And in the Olympic Movement, these next 12 months is likely to prove the most important and dramatic year for some time.
It is a year that will see a host city selected for the 2020 Olympic and Paralympic Games, a new sport join the 2020 Olympic programme as one is almost certainly removed) and the small matter of a new International Olympic Committee (IOC) President elected.
Rather significantly, all three of these major decisions will be made within a matter of days, and all of them during the 125th IOC Session in the Argentinian capital city Buenos Aires this September.
The Session itself will take place at the five-star Buenos Aires Hilton between September 7 and 10, and the luxurious establishment should prove up to IOC standards given that recent guests include former US President Bill Clinton.
In the Olympic world, much of 2013 will consist of speculation as to what will happen in one of South America's most beautiful and cosmopolitan cities when the good and great come together under the IOC flag.
It is still difficult to call, as nine months is a long time in Olympic Movement, but one could make informed guesses.
In the race for the 2020 Olympic and Paralympic Games Istanbul, Madrid and Tokyo are jostling to follow Rio de Janeiro as the next host city.
Spain's major economic problems have so far left Madrid's bid trailing behind the other two. But I am warned by many senior figures never to count Madrid out, especially with Juan Antonio Samaranch Junior in their ranks.
The younger Samaranch does not wield nearly the same influence as his legendary father, Juan Antonio Samaranch Senior, who served as IOC President from 1980 to 2001 and completely transformed the organisation.
But the Samaranch name does still have the support of many loyal followers in the IOC, and Junior's recent election to the IOC Executive Board could prove significant.
But even with Samaranch Junior, Madrid simply does not appear to have the stable economic foundations Istanbul and Tokyo do right now and that is a major factor with the IOC.
The IOC Evaluation Commission, led by Britain's Sir Craig Reedie, will shed further light on the issue following their visit to the three cities in March but it is difficult to look outside Turkey and Japan at the moment.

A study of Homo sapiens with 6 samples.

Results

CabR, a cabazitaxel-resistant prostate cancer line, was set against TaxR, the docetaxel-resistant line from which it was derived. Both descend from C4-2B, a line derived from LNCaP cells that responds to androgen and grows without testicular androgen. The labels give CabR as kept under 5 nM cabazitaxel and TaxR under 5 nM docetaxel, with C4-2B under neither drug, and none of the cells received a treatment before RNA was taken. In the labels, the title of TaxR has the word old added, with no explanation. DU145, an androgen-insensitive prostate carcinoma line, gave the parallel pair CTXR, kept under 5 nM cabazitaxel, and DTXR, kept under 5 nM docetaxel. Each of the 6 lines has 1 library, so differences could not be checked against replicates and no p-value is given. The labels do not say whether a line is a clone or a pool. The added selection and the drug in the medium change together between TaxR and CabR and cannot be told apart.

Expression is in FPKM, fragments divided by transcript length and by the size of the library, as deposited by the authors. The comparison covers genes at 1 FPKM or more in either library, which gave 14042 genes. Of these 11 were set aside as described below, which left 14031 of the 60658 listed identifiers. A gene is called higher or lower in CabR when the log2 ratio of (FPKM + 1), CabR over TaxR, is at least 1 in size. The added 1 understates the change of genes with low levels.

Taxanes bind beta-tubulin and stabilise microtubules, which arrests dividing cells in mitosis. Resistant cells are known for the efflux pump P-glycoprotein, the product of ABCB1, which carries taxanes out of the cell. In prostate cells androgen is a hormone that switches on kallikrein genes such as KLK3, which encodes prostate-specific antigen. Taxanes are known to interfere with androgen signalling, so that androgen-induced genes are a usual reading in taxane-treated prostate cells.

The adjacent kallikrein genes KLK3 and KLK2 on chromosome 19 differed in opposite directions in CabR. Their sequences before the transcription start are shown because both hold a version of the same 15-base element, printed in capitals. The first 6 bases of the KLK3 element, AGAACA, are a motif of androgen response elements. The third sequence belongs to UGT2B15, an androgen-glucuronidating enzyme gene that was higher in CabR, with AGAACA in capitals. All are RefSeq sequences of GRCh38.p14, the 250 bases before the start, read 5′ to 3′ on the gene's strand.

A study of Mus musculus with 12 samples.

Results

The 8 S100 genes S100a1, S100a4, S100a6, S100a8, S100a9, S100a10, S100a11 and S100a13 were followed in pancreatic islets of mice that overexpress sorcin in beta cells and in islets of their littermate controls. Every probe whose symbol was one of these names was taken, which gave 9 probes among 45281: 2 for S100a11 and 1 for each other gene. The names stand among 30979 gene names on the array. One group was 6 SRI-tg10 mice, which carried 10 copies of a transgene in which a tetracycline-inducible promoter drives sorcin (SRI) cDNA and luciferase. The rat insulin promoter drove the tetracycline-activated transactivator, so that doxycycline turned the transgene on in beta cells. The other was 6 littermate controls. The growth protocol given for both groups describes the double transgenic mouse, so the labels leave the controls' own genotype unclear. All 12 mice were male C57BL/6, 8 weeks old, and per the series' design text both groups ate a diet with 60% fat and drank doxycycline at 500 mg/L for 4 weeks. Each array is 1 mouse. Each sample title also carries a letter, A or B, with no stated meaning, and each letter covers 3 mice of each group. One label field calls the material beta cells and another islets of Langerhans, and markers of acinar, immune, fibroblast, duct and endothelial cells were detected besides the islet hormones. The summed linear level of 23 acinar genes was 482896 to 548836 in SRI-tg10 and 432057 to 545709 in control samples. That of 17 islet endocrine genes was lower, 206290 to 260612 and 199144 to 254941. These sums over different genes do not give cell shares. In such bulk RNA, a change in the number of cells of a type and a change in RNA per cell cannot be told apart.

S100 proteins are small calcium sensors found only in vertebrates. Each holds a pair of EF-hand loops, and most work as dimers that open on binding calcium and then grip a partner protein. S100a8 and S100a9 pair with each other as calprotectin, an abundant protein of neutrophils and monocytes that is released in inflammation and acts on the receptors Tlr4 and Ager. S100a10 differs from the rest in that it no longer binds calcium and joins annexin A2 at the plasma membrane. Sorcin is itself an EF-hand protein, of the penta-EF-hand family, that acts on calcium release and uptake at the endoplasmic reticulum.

Also on the agenda, the new sport to join the 2020 Olympic programme.
The seven bidders are climbing, karate, roller sport, squash, wakeboard, wushu and a joint baseball/softball bid.
All have been visited by the IOC, and have presented to the Programme Commission, who are reluctant to give too much away, making the contest difficult to call.
But it is fair to say that karate, squash and the joint baseball/softball bid have been the most proactive in getting their message out so far. Whether this will play a big factor is difficult to say, although it is unlikely to any harm.
Equally intriguing is which sport could make way to accommodate a new entrant, and modern pentathlon will perhaps be most wary of the axe, even though any sport would understandably feel hard done by after all enjoyed successful London 2012. Either way, time, and Buenos Aires, will tell.
That brings me to the final contest in Argentina, which is perhaps the most important. The IOC Presidency.
The race to replace Jacques Rogge in one of the most powerful roles in sport is already well underway, and it won't be anything like the last one.
Rogge took the helm easily in 2001 as Samaranch's chosen successor. Rogge though, who is not exactly out of the Samaranch mould, has made it clear that he will stay well out of this one.
Leading the candidates is Germany's Thomas Bach, the IOC vice-president who seems to be the name on everyone's lips. Bach has been discreetly campaigning for several years now and offers a safe option as a respected lawyer from mainland Europe to maintain the IOC's statue as one of the biggest and most influential organisations in the world.
Remember, of the seven IOC Presidents, only one has been a non-European – the American Avery Brundage who was in charge from 1952 to 1972.
Bach's most vocal potential rival so far is Ng Ser Miang of Singapore, another IOC vice-president with a strong powerbase in Asia.
He drew huge praise after heading the successful, inaugural Singapore 2010 Youth Olympic Games and has made little secret of his desire to stand, although like everyone else he has stopped short of actually declaring "I'm in".
Puerto Rico's Richard Carrion is another leading contender. A high profile banker by profession, he chairs the IOC's Finance Commission and Audit Commission which has allowed him to build strong support in the Movement.
CK Wu of Taiwan appears the dark horse after the AIBA President showed himself an election master in becoming the leader of world boxing in 2006 and then again in crushing Ireland's Pat McQuaid last year in an election to join the IOC Executive Board.
Among the outside contenders are René Fasel and Denis Oswald, both of Switzerland, and Morocco's Nawal El Moutawakel. Moutawakel has long been tipped to become the first female IOC President, but 2013 may be too early for such a radical move just yet.
While no one has officially declared their candidacy, British bookmakers Ladbrokes have made Bach the even-money favourite, with Carrion and Ng at 2-1 and 6-4, respectively.
But like the other races, all will be decided in Buenos Aires.
The Argentinian city is itself currently involved in a bid race for the 2018 Youth Olympics with Glasgow, Guadalajara, Medellin, and Rotterdam.
That race incidentally, will also be decided in 2013 in July.
But it is undoubtedly the 125th IOC Session in September that will shape the next decade of Olympic Movement.
It's going to be a fascinating few months.
Tom Degun is a reporter for insidethegames. To follow him on Twitter click here.